Kiwi Grace on track for British return
Kiwi sprint coach Justin Grace was waging a private, personal battle that endangered his life as Great Britain's cyclists stood atop the Rio Olympic podium.
24 February 2017
Kiwi sprint coach Justin Grace was waging a private, personal battle that endangered his life as Great Britain's cyclists stood atop the Olympic podium time and again at the Rio Games.
Ten weeks after returning from Brazil as a key coach in a British team which won six of 10 Olympic gold medals available in the velodrome, Grace had a liver transplant.
The 46-year-old New Zealander, appointed sprint coach in September 2014, was responsible for seven medals, three gold, three silver and a bronze, despite his failing liver.
Grace told Press Association Sport: "Some people say they put their body on the line for work. I literally did.
"It was tough to do that, but that's my job and my passion. To see those athletes perform was at the forefront of my mind and I thought 'I'll worry about myself when it's all over'."
Grace would have taken particular pride in Britain's men's team sprint win ahead of New Zealand and France in Rio.
He had coached all nine of the riders on the podium in the prior three years, having moved to British Cycling headquarters in Manchester after 15 months in Paris following a move to Europe from his native New Zealand.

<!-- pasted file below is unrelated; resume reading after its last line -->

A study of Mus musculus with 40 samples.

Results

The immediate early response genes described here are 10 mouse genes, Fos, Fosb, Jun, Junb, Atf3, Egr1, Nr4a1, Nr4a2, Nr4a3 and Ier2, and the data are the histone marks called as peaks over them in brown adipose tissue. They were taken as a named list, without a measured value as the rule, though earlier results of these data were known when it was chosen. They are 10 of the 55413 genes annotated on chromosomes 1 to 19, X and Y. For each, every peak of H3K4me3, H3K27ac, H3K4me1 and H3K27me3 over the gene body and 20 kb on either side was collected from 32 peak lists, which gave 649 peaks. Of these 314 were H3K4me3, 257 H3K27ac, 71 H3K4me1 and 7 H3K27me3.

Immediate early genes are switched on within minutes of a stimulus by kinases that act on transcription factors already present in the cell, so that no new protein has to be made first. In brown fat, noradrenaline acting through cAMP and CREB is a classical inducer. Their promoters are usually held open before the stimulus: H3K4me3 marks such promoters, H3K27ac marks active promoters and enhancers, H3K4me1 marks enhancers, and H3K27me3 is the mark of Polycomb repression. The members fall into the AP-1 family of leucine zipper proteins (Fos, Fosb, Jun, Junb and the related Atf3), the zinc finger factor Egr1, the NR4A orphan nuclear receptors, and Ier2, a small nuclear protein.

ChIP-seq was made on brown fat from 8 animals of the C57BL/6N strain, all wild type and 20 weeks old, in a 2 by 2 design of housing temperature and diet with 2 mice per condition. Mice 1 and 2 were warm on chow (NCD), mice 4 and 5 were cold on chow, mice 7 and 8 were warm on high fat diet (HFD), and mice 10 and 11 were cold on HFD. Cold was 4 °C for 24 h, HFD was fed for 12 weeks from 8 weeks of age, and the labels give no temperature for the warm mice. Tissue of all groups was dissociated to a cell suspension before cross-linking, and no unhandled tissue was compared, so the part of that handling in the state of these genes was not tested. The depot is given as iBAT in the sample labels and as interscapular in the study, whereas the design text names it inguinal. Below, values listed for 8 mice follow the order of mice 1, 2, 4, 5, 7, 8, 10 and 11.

He helped Jason Kenny to three golds in Rio, as the 28-year-old took his career tally to six gold and seven Olympic medals in all.
Phil Hindes, Callum Skinner, Becky James and Katy Marchant all claimed medals in Rio, too.
Grace was particularly grateful when James and Marchant performed well in sprint qualifying to give him a much-needed morning off in bed, recuperating.
"To be the right person in that role, in a high-energy position for so many days, it was very, very hard for me, physically and emotionally," Grace added.
Grace did not wish to distract the riders under his tutelage and wanted to protect them from knowing the full extent of his condition.
He did, however, confide in head coach Iain Dyer, sprint coach Jan van Eijden and team doctor Richard Freeman, who kept a close eye on Grace. Dyer and Van Eijden at times demanded he rest.
His weakened immune system meant regular checks on his health were required and he would be forced to return home if he fell ill.
When golfers and others excused themselves from the Olympics citing the zika virus, Grace was amused.
"When I heard people complain about stuff, there was a lot of times when I had a little inner sigh to myself, thinking 'I wish I could tell you what I'm doing here - it might put your bad morning into perspective a little'."
Following the Olympics, Grace's condition was deteriorating and he moved on to the transplant list.
His recovery is going well.
"Being able to do my job properly in the future is dependent on how I look after myself now," he said.
"(But) it has been a lot tougher than I thought it would be.
"I set myself goals every day and every week to try to achieve.
"The first one was get out of my front door and walk to my gate. And that wiped me out for the whole day."
With wife Erika and daughters Cadence, 13, and Madison, 10, settled in Cheshire, Grace has even switched allegiance.
He will compete at the British Transplant Games this year and hopes to represent Britain at the World Transplant Games in future.